Coniston Walks

Coniston inhabits some of the finest walking country in the Lake District, and the surrounding fells are well known to walkers and climbers. Coniston Old Man dominates the skyline behind the village, and also nearby are Wetherlam, Dow Crags, and Swirl How. Beatrix Potters extensive Monk Coniston Estate, lying between the lake and Skelwith Bridge, contains superb countryside for ramblers, and further to the south and west the land is more gently appointed, with many excellent picnic and bathing spots at the far end of Coniston Water. We suggest the purchase of a good map and guidebook for anything more than the simplest rambles. Here we list a few of our own recommendations:

Tarn Hows

A mostly level, wide, and well laid path runs by the side of one of the prettiest tarns in the Lake District. Tarn Hows is delightfully set amongst trees on the high ground above Coniston, and offers an easy circular walk by the waterside. The beauty spot is part of the Monk Coniston Estate, donated to the National Trust by Beatrix Potter, and a walk here ranks as one of the essential things to do near Coniston during your stay. There are also several routes that take in the tarn as part of a longer, more rugged ramble. Park at the large National Trust car park near the tarn. 1 hr.

Tilberthwaite to Little Langdale

A short distance from Coniston on the A593 towards Ambleside, you will see a turn for Tilberthwaite. The car park towards the end of this delightful little road allows you to start an ascent of Wetherlam through the former mine workings near the small Hamlet of Tilberthwaite, but it also marks the start of a lovely lower-level walk to one of the Lake District’s gems, the valley of Little Langdale. You can make a circular walk, incorporating stops at The Three Shires Inn for refreshment, and at Cathedral Cavern, a spectacular product of slate quarrying with tunnels through the hillside that will fascinate children and adults alike. This walk provides tremendous views of the Langdale Pikes. 2 – 3 hrs.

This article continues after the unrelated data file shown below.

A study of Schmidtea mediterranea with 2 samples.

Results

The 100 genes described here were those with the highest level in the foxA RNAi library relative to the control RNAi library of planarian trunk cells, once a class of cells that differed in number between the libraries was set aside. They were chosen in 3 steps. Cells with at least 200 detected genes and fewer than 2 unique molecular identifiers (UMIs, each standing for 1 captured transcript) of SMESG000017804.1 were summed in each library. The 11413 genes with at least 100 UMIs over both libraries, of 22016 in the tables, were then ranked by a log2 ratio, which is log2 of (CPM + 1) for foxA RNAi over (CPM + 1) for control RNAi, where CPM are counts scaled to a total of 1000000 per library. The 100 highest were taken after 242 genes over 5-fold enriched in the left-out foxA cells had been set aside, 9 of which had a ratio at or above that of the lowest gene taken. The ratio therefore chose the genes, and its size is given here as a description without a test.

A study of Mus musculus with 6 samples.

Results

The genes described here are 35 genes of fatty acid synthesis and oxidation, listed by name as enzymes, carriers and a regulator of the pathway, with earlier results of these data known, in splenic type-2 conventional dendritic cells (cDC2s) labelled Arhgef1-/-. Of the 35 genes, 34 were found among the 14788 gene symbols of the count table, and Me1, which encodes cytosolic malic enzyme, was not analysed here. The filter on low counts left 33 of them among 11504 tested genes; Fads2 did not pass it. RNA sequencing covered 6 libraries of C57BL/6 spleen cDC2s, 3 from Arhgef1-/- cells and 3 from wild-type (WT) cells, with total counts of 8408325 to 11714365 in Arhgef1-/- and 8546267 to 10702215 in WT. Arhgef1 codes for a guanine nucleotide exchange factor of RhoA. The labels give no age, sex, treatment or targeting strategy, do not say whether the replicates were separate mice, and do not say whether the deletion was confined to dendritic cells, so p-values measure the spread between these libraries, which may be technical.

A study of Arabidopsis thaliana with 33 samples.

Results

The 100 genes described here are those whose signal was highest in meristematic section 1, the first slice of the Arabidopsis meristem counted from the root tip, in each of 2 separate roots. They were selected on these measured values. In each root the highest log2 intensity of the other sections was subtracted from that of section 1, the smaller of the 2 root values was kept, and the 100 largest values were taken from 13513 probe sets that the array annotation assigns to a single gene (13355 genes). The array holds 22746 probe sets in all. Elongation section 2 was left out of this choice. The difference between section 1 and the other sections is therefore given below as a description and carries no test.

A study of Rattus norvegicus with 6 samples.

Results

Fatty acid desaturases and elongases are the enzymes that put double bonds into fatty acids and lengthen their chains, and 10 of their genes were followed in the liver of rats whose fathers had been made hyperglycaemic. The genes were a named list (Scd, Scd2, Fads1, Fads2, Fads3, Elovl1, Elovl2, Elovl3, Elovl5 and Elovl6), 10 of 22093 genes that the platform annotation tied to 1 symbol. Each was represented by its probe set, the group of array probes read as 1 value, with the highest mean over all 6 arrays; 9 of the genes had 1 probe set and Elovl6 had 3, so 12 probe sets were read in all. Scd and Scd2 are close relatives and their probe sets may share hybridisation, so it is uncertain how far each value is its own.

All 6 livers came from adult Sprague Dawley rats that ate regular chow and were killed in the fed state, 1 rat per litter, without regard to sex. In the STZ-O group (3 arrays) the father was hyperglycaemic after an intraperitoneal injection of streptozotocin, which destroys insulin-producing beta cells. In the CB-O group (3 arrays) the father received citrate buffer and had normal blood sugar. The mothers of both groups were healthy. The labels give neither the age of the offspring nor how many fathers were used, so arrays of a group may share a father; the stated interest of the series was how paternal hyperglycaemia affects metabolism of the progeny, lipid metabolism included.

Coniston Hall by the Lake

Head for the marina by the lakeside, but deviate onto the Cumbria Way path running south. You can make a circuit through woodlands and walk on wide level paths through the grounds of Coniston Hall and the associated campsite, taking in lake and mountain views. Suitable for wheelchairs and pushchairs. 1 hr.

Coniston Old Man

One of the most popular fell walks in the whole Lake District, and with good reason. There are several routes to consider, and we recommend making this a circular route. One of the main track runs up through the old mines, but you may prefer to continue on the Walna Scar Road and start the ascent further on, before descending this way. The views are stunning, especially if you choose to include Dow Crags, high above secluded Goatswater, in your plan. There is a car park on the fell side at the top of the steep lane climbing up from the village. 2 ½ – 3 ½ hrs.

Walna Scar Road

This wide bridleway runs beneath the slopes of Coniston Old Man and provides an excellent route for walkers and mountain-bikers. You can start from Coniston village, or cut out some steep ascent by driving to the top of the little road up to the car park on the fell side. As well as acting as part of a circuit taking in Dow Crags and Coniston Old Man, the track can take you to Walna Scar itself and nearby White Maiden. Mountain-bikers may wish to create a circular ride including Seathwaite and Torver, and this is often done with the Walna Scar Road as part of the return leg.


Some excellent walking is to be found amongst the trees of Grizedale Forest, and you can start at any of the forestry commission car parks, or at the main visitor centre. Several marked trails run from here, and look out for the sculptures dotted about the woodlands. This is a good choice on rainy or windy days, too, as the trees give some valuable protection from the elements. The trails are perhaps most suited for mountain biking, and you can make a great ride or walk of any length here. Head to Hawkshead village and then towards Satterthwaite to find the forest and visitor centre.